November & December theme:
“Choose One Thing”
Posted in :  Brain Waves, Diversions

Introducing change into an organization is tough business. Dr. John Kotter’s research in the mid 90’s found that only 30% of organizational change programs succeed no matter the scale of the initiative or the size of the organization. Even with an endless parade of consultants, tools, and methodologies to help avoid the pitfalls, this statistic still holds true today. So why is there such an abysmal track record of successful change? One of the leading factors for failure remains employee resistance. This suggests that the industry is intentionally avoiding key aspects of the human side of change.

I believe for change to be successful, people need to be connected to it.

Getting your team ready for change doesn't have to be like getting your kids ready for school

Don’t tell me what to do

Getting my three young children ready for school is one of the more unpleasant aspects of being a parent. Even when I tell them exactly what to do again and again, they resist until I raise my voice or offer repercussions. I finally asked them if they are happy with our morning routine. They responded with a resounding no, so I asked what they would do to change it. Within minutes, they had a solid plan. Best of all the plan was theirs, they owned it. From then on the kids took responsibility for their own readiness, and the mornings were a very different experience.

Establish ownership

This same scenario plays out in business everyday. No one likes to be told what to do. People want to have a say in their future; especially if that future is about to change. You can’t expect enthusiastic participation if your team doesn’t feel ownership in an initiative. If you find that you have to constantly coax and prod your team in order for them to take action, you have failed to let them feel a part of the change. Ownership doesn’t happen when a change initiative is introduced fully formed then dropped in the laps of those responsible for execution.  And while copious PowerPoint slides, spreadsheets and other typical kick-off meeting tactics might help to justify the change, they do little to bring your team on-board.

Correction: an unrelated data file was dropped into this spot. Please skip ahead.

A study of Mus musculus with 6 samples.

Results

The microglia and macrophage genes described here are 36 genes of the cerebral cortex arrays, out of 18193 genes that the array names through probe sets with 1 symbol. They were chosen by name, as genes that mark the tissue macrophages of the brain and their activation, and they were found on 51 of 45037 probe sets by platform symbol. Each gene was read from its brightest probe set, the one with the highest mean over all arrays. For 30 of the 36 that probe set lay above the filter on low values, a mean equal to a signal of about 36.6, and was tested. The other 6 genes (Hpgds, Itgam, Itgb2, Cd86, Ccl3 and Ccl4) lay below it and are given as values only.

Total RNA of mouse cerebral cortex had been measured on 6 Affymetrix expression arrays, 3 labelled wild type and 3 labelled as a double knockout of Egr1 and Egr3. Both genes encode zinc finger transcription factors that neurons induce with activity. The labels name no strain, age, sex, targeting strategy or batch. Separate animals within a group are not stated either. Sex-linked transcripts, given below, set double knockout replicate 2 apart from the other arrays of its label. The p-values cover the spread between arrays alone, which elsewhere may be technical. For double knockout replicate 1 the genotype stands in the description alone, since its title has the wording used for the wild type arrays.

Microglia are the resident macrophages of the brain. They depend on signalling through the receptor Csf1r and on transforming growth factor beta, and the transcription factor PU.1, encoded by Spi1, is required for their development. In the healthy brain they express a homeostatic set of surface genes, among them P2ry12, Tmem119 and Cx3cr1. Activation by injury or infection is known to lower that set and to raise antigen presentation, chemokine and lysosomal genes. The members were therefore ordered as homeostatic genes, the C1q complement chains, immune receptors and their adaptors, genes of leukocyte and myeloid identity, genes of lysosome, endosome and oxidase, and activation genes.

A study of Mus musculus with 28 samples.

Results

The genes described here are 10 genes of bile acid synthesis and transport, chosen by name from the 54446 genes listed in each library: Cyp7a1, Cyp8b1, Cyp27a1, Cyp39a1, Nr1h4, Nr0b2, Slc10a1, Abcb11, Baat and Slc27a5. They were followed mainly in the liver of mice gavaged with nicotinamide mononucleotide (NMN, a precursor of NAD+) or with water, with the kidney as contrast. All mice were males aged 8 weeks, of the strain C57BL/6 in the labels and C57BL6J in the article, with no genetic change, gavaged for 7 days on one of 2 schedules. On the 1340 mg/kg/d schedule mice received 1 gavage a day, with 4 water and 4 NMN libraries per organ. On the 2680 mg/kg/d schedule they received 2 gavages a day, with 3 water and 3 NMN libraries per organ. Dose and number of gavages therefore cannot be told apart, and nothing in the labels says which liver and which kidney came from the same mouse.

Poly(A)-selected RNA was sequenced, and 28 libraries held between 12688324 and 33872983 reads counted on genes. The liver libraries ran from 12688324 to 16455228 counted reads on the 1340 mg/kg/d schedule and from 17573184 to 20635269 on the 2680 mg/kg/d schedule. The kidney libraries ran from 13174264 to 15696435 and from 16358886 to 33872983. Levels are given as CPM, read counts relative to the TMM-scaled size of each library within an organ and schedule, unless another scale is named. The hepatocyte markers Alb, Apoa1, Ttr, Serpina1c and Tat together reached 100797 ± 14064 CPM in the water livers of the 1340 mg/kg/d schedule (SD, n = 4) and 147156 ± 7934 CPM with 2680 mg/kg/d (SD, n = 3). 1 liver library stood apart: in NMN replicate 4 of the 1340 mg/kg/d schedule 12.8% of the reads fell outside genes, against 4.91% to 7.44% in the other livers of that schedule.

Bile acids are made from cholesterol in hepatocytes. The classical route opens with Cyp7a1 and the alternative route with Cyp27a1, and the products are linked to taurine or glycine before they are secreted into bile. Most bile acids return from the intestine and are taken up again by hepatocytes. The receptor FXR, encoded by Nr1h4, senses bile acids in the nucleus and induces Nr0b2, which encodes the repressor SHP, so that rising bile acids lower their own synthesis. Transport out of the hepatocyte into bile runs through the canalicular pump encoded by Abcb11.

Invest now, or risk failure

There is an undeniable choice. Invest in your team taking ownership now or face employee resistance and gamble on a 70% failure rate. Here is what the investment looks like:

1) Invite early participation
Before your idea is too fully formed, share it with your colleagues, get their contributions early and often

2) Make it personally meaningful
Talk about what it means to your team, your company, and your customers. Discuss what’s at stake if it’s not implemented and what difference it will make if it is

3) Give your team time to assimilate and interpret the idea
Don’t expect immediate uptake on a fresh idea. Give people time to register it, and take your time, what might feel like painstaking time, describing it

4) Facilitate discussions, don’t present
It is vital that you share and allow others to share what they see in it and what it means to them. Facilitate conversations that allow your team to express their ideas and be heard

5) Make communication an ongoing conversation
Talk about the new idea again and again and in a variety of ways. It takes time and repeated exposure to an idea for another to start to see it too. Take them on the journey of how you arrived at the idea. Listen to their journey as they begin to connect with it

6) Encourage the story to evolve
If ownership is transferring, the change initiative will evolve as others start to see new connections to it. Include those valid contributions and adapt the initiative in a way that honors them.

Your goal is to create shared ownership with your team so any initiative is as much theirs at it is yours.  For others to own it, you need to invite contribution. You will know you are on the right track, when others can present the idea with the same personal passion as you can.